397235 Measurement and Control of Slip-Flow Boundary Conditions at Solid-Gas Interfaces

Sunday, November 16, 2014
Galleria Exhibit Hall (Hilton Atlanta)
Dongjin Seo, Virginia Tech, Department of Chemical EngineeringDepartment of Chemical Engineering, Blacksburg, VA

In traditional Chemical Engineering applications one usually assumes that the no-slip boundary condition for flow applies at the solid-gas interface.  However, it has been known since the time of Maxwell that, even for moderate Knudsen numbers, partial slip could occur, of order the mean free path of gases.  With the growing number of applications for micro- and nano-scale devices and flow systems, it is interesting to quantify more precisely the flow boundary condition.

In this work I describe unambiguous measurements where I show that partial slip does occur, that the slip length is a function of both the gas and solid, and that the solid can be altered in-situ to change the slip length.  In-situ changes in slip length could in principal be used to control flow in a variety of important applications.

The main theme of the thesis was the effect of solid surface properties on the flow boundary condition. The effect of water films, organic films, electric fields and the gas species was studied. Water films had a large, but complex effect. On bare hydrophobilic glass, the tangential momentum accommodation coefficient (TMAC) for nitrogen on hydroxyl-terminated silica changed from 0.25 to 0.88 when the humidity changed from 0 to 98 %. On hydrophobized glass, TMAC changed from 0.20 to 0.56 in the same range. The effect of humidity was interpreted with the formation of water film, verified with a quartz crystal microbalance. TMAC on  octadecyltrichlorosilane-coated glass surfaces was examined for five different gases (helium, nitrogen, argon, carbon dioxide, hexafluoride sulfur). A lower TMAC occurred for greater molar mass.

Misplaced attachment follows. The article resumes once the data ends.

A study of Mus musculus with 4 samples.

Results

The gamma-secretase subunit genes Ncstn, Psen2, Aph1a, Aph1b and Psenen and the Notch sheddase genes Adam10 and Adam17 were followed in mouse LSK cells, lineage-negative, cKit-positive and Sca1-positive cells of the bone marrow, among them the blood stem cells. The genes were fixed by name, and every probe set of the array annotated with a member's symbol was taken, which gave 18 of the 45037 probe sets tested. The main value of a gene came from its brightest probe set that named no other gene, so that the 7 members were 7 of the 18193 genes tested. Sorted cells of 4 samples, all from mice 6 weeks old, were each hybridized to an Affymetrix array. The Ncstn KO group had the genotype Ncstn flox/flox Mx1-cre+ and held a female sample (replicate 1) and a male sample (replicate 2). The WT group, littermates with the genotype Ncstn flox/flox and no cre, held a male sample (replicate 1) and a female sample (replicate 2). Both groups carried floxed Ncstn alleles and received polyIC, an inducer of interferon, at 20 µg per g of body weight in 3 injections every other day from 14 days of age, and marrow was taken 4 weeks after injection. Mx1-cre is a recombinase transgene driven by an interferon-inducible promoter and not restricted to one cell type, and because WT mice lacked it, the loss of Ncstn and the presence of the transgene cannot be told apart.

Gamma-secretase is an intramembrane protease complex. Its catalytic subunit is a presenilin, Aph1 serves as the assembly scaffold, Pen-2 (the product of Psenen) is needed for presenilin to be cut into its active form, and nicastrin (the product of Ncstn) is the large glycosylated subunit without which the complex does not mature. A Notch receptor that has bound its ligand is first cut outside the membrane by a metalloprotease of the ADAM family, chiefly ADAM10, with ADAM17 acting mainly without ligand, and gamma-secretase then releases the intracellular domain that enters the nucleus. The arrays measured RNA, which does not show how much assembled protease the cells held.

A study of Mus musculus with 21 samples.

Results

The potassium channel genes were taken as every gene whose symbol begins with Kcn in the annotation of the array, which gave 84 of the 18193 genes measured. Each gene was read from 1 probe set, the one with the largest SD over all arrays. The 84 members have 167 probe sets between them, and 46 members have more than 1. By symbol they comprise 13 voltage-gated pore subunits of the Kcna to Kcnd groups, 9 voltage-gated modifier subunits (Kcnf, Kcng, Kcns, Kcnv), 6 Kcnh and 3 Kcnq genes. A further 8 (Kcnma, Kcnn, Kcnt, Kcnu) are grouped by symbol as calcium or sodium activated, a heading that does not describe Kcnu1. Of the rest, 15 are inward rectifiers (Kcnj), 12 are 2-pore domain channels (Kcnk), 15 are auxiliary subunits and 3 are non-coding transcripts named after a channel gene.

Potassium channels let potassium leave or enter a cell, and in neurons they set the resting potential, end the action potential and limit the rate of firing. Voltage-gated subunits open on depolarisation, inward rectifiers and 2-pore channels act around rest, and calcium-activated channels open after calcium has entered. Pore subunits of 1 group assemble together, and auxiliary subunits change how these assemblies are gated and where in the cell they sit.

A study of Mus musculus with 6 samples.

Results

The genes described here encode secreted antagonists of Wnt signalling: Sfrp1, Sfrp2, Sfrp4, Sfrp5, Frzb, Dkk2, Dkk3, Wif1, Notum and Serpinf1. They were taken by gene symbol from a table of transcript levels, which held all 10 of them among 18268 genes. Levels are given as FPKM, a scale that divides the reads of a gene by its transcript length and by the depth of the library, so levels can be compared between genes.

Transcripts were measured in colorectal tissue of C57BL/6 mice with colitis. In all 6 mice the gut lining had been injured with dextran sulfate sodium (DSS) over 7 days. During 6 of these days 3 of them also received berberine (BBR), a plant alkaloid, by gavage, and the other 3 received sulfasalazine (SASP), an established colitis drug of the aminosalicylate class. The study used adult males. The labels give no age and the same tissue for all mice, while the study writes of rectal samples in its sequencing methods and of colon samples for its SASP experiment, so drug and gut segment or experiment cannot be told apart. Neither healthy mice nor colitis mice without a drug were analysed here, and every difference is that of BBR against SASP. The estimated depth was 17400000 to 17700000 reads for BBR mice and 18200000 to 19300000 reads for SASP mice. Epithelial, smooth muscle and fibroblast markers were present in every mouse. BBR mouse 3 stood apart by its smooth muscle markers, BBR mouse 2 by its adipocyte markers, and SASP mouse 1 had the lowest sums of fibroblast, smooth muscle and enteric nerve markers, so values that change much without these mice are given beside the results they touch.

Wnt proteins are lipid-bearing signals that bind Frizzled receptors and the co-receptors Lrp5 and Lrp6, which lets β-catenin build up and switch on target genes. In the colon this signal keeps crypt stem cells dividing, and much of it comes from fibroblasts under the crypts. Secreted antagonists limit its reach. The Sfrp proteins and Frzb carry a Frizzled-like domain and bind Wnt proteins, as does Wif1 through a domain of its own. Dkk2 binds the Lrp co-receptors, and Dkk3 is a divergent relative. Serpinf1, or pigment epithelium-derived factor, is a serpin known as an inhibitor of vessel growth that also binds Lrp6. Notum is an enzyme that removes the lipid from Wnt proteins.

I also developed methods for controlling the flow boundary condition using external stimuli – temperature and electric fields. Using Atomic Force Miscroscopy (AFM), each of these stimuli altered the roughness of the film, so control of the boundary condition was attributed to surface roughness change.  The temperature was used to change the roughness of an octadecyltrichlorosilane film on glass, and the electrical field was used to change the roughness of a 16-mercaptohexadecanethiol film on gold. Considering collisions of simple spheres that conserved momentum and kinetic energy, a surface with periodic triangular grooves had higher TMAC with steeper slopes.

A novel method of measuring gas pressure using an AFM cantilever was presented.  The frequency spectrum of the cantilever vibration in the gas was measured, which was then fit to a continuum description that depends on the density.  Use of the continuum approximation restricts calculation of the pressure to the continuum regime. In the range 0.1 to 2.2 atm, the gauge deviated by less than 5 % compared to a commercial gauge.